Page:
At the just-concluded U.N. climate negotiations in Poznan, Poland, Earthjustice attorneys Martin Wagner and Erika Rosenthal advocated for rapid action to reduce emissions of black carbon, now considered one of the most effective strategies to slow near-term global and Arctic warming.

This could prevent catastrophic, irreversible tipping points such as the melting of Arctic sea ice and the Greenland ice sheet, and buy time for implementation of critical strategies to cut long-lived greenhouse gas emissions.

Recent studies identify black carbon, a component of ultrafine particulate air pollution, as a critical climate warming agent both in the atmosphere and when deposited on snow and ice. Technologies exist to rapidly reduce black carbon emissions from diesel and coal sources, and fast-track mitigation efforts will have an immediate cooling effect. As black carbon is a leading cause of mortality from air pollution and accelerates the melting of glaciers that provide fresh water for millions, controlling these emissions is critical to promote sustainable development, improve human health and save lives.

With a single vote on Dec. 2, Florida took real leadership in the fight against global warming.

After years of head-in-the-sand policy making, this is a welcome change. We have Gov. Charlie Crist to thank: he proposed that Florida adopt clean car standards patterned after those in California.

A miracle, just take a look around: this inescapable earth.
– Wislawa Szymborska, Polish poet and Nobel Laureate

Yes, we can.

As Martin wrote earlier in the week, the negotiations that just concluded in Poznan fell short of expectations. But take heart – the talks did deliver on the fundamental objective of providing a negotiation blueprint for an agreement that can be signed next year in Copenhagen.

The world is now meeting in Poland to tackle global warming - and Earthjustice is there. Read our daily dispatches.

The Federated States of Micronesia, one of the leading voices of the Alliance of Small Island States – countries whose very existence are threatened by global warming-induced sea level rise – has called on the governments assembled in Poznan to take urgent action in light of potential catastrophic tipping points in the Earth's climate system.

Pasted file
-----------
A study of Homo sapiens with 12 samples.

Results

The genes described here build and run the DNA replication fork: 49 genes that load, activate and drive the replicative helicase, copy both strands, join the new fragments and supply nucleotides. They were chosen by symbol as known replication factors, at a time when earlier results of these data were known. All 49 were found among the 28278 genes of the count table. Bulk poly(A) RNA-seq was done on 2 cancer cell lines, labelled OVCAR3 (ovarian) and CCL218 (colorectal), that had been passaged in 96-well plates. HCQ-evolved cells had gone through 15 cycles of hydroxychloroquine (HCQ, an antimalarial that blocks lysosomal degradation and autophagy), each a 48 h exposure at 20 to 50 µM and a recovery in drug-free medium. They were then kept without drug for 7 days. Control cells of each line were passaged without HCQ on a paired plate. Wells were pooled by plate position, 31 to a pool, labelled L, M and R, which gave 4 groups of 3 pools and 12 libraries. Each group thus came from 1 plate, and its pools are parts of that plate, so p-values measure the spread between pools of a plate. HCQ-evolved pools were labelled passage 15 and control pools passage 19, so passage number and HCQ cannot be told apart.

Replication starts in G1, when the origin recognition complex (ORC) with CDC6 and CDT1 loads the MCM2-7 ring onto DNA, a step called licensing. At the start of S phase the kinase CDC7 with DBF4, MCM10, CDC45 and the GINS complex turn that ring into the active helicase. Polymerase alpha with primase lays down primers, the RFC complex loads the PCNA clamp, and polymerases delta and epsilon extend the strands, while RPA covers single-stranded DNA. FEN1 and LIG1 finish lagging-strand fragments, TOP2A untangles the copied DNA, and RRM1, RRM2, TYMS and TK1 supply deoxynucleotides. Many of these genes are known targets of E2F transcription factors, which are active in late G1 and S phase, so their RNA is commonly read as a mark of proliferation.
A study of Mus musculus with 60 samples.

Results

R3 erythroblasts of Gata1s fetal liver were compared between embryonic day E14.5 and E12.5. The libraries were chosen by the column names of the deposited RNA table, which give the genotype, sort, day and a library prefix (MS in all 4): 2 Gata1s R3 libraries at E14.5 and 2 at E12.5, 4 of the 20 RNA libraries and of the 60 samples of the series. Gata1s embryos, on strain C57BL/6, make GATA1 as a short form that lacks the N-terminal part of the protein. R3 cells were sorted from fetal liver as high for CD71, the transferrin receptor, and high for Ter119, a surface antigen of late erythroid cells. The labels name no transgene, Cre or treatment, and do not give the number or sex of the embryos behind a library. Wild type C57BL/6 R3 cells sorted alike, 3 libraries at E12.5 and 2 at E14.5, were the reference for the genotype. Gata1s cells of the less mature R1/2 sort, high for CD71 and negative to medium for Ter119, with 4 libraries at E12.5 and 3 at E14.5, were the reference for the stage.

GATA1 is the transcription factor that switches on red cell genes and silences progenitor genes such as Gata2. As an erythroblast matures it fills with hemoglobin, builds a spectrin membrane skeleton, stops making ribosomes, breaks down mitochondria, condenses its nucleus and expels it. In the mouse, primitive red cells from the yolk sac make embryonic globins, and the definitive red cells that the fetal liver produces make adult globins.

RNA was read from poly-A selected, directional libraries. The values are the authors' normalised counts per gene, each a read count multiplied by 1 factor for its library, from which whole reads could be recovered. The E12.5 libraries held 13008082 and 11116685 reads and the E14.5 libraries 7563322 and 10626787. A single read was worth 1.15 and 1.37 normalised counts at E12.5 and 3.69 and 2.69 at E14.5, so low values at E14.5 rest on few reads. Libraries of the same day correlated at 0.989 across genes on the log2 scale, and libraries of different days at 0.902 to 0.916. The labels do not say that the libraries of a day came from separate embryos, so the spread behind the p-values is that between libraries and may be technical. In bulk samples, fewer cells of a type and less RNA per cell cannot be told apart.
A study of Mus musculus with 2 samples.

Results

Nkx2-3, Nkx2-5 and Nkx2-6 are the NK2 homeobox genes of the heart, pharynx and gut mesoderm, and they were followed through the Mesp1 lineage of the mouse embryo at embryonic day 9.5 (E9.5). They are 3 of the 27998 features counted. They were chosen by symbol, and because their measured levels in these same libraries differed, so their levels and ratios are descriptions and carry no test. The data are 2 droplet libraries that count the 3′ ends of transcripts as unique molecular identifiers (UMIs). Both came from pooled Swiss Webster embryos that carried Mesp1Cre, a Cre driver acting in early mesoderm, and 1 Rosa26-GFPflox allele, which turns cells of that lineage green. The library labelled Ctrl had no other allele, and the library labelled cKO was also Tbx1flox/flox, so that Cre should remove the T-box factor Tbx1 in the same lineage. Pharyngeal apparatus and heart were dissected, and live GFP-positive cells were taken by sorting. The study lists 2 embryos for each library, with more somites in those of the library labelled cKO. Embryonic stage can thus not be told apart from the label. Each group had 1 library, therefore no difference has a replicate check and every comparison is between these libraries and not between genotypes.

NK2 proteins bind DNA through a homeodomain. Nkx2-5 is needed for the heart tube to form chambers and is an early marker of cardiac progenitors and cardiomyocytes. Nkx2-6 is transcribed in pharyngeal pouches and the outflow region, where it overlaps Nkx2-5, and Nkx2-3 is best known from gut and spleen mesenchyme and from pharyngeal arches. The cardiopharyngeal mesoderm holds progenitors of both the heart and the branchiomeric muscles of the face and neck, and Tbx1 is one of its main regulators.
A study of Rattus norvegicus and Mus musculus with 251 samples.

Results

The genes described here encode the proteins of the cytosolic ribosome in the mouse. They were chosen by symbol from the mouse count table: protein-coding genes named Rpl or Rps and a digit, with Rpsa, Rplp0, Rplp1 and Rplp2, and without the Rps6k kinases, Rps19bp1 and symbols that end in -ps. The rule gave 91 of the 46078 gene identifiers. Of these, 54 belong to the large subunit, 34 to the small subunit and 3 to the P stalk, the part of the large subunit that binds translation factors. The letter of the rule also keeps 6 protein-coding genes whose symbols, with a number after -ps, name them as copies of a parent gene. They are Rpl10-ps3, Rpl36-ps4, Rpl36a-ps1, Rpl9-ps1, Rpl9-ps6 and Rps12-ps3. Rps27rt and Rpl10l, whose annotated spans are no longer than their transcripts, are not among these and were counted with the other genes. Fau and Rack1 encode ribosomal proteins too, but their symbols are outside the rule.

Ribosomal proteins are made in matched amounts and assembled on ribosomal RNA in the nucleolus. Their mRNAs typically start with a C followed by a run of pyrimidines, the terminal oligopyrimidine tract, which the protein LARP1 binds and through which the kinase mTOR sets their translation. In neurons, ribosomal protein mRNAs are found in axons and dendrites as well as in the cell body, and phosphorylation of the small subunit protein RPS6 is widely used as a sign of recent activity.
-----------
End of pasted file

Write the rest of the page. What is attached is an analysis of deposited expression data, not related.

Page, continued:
One of the primary tasks of this conference was to determine the outlines of a "shared vision"—areas where all parties were in agreement concerning what the negotiations would try to achieve. The hope was that this vision would move the negotiations from the very general goals established in the Bali Action Plan toward the kinds of specifics necessary to reach a final agreement a year from now in Copenhagen. So how the negotiators doing? Well, do you want the good news first, or the bad?

Motorists heading to Colorado ski resorts are being confronted with images of the state not found in tourist brochures: Pollution-spewing oil and gas rigs looming over wildlife habitat, ranchland and neighborhoods.

The billboards are part of a campaign by the Colorado Environmental Coalition to tell Coloradans and out-of-state visitors that there's a dark side to the state's vast petroleum industry.

Yes, one knows that the economy and the climate are jobs one through ten, but I can't help but be a tiny bit concerned that the new Obama administration still lacks a Secretary of the Interior, a Secretary of Agriculture, a Secretary of Energy, an Administrator of the Environmental Protection Agency, and a Chairman of the President's Council on Environmental Quality. Plus and all the under secretaries and assistant secretaries and directors and assistant administrators who will eventually be nominated and confirmed to carry out extremely sensitive and important tasks. I have no reason to think that these nominations will not be up to the standard of the nominations we've seen so far, but I hope this doesn't signal a back-burner approach to wildlife and public lands and national parks and national forests, and so forth. A large fraction of our oil and gas, for example, come from the public lands and a smaller but important fraction of our lumber and pulp too. One thing we're going to have to be vigilant about over the next months and years is to ensure that environmental regulations are not sacrificed in the name of economic recovery—and you can be sure that such suggestions will be made. We need strong, bright people to run the environmental agencies, people who have the full support of the president.


unEARTHED is a forum for the voices and stories of the people behind Earthjustice's work. The views and opinions expressed in this blog do not necessarily represent the opinion or position of Earthjustice or its board, clients, or funders. Learn more about Earthjustice.